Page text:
Raising Someone Else’s Baby // by Carmel Dean
Composer Carmel Dean takes a seat on the other side of the piano for the first time.
There have been a few moments throughout my career where I’ve had the feeling of being exactly where I am supposed to be. One was sitting at the piano in the rehearsal room for the musical If/Then, teaching Tom Kitt’s beautiful and intricate score to a room full of incredible Broadway singers. Another was standing onstage stomping my foot to Green Day’s American Idiot with an 8-piece rock band. And another, very early on in my career, was creating a vocal arrangement for William Finn’s “I Love You Song” from The 25th Annual Putnam County Spelling Bee and hearing three glorious voices sing it for the very first time, and seeing Bill beam with satisfaction. I had something to offer, I was contributing my skills, and I was helping to create something artistically satisfying.
And yet despite these incredible moments, there came a time, about ten years into my career, when I realized two things: first, I was essentially “babysitting” other people’s creations. You see, even with all of these amazing opportunities I’ve had and the incredible people I’ve collaborated with, it was always my job to take care of someone else’s baby. The role of the music director and arranger is primarily interpretative. You are given someone else’s music and you nurture it (oftentimes over a period of many years). You teach it to singers, you add arrangements and orchestrations (which by its nature is expanding upon the music that was already there), and you then play and/or conduct it for audiences, bringing it to life night after night. You are raising that baby as if it were your own…but it was born of someone else’s vision. Despite your creative input, despite how satisfying, rewarding, and exciting it can be, it is ultimately still someone else’s creation. Someone else’s voice. Someone else’s baby. And the second and perhaps more important thing that I realized was that I, Carmel Dean, musician, artist, human…had something of my OWN to say.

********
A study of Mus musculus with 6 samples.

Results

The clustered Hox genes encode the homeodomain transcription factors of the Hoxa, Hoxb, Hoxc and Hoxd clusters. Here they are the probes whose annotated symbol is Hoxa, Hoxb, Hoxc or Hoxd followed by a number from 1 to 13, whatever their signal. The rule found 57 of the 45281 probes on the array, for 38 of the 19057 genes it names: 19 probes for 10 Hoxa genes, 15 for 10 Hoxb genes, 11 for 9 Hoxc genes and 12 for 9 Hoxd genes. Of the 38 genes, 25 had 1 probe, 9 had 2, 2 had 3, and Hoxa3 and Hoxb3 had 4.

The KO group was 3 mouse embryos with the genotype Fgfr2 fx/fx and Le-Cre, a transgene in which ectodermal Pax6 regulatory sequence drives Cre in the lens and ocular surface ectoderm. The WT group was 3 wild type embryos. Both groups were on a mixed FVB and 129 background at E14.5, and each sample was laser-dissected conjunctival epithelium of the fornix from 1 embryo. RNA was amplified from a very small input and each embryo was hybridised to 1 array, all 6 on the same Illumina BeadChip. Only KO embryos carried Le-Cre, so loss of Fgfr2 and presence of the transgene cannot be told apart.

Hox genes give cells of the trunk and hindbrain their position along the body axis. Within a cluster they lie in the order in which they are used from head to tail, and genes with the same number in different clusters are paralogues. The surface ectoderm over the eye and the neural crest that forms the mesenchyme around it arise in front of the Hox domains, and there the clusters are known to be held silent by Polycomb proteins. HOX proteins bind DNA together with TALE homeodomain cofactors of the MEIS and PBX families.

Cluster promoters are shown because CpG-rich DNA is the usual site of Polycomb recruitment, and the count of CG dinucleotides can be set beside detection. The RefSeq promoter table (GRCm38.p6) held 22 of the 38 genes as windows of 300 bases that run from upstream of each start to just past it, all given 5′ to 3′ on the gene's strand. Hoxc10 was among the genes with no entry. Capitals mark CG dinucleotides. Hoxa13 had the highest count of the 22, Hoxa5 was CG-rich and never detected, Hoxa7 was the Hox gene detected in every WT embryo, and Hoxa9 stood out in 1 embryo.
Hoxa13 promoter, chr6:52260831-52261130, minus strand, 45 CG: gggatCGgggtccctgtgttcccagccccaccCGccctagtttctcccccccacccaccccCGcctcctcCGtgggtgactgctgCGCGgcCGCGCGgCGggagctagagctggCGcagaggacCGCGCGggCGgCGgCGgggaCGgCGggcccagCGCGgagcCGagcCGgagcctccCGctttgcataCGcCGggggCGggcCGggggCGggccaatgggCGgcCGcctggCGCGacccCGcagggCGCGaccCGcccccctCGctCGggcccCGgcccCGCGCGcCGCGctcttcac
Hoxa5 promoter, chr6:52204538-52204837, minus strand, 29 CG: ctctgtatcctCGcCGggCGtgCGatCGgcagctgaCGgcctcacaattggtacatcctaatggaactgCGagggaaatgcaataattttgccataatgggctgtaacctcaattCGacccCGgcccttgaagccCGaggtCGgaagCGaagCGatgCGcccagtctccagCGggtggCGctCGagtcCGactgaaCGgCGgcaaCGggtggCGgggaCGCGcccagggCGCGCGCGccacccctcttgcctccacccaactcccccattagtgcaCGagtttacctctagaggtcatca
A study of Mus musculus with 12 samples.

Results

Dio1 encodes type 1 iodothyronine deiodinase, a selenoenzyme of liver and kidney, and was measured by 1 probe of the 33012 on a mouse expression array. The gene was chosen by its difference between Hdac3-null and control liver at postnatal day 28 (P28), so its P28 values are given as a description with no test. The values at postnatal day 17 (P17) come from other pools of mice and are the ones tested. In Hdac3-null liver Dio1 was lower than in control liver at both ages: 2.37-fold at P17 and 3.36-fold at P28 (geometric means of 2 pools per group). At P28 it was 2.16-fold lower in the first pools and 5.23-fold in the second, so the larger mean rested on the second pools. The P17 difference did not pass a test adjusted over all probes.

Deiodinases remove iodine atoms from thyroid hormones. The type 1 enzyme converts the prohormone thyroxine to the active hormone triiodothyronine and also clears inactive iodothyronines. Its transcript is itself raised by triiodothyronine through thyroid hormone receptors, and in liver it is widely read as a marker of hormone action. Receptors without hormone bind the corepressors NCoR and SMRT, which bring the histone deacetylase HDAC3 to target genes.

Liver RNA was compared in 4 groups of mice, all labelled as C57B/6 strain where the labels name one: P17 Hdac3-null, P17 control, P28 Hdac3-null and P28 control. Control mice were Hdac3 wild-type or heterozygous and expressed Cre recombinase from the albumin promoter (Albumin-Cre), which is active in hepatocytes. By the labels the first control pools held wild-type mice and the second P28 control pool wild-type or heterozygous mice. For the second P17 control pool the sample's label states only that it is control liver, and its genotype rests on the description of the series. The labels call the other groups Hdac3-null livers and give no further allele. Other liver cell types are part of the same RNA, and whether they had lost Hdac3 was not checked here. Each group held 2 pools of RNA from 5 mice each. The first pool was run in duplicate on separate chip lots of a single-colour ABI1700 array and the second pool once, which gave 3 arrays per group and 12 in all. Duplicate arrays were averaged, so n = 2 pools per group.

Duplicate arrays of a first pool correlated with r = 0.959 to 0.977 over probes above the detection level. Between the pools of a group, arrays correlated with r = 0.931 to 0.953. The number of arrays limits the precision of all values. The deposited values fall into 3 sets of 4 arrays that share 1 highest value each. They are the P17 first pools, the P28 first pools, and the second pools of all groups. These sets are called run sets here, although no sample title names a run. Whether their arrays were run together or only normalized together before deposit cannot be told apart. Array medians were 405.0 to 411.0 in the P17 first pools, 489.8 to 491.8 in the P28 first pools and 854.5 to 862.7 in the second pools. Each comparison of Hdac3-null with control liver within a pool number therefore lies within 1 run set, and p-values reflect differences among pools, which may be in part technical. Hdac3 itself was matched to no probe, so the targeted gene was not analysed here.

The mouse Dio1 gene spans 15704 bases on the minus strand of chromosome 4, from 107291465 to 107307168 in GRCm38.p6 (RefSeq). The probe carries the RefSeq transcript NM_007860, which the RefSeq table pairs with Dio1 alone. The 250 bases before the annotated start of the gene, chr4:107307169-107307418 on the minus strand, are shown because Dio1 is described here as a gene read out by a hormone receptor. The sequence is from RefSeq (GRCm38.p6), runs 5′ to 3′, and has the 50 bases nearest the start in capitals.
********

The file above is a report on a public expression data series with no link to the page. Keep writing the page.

It wasn’t until the fall of 2018 when I was sitting in a room at Clinton Cameo Studios on 43rd Street, rehearsing my first musical Renascence, that I realized the subtle—yet enormous—difference between the role I had been undertaking and the one I was now stepping into. Someone in the cast asked me a question about a compositional choice I had made, and for the first time EVER I didn’t have to have a lightning fast inner dialogue consisting of “what does the composer want?—what does the director want?—what is best for the singers?” Now, as the composer, there was no one else I had to take care of before giving my answer. I was the sole parent. Only I knew what my music needed to be in that very moment. I had the finite answer. I was getting to use my voice to put my, not someone else’s, music into the world. And how apropos: Renascence means “revival, renewal, rebirth.” I was giving birth to my very own baby.
I was EXACTLY where I was meant to be.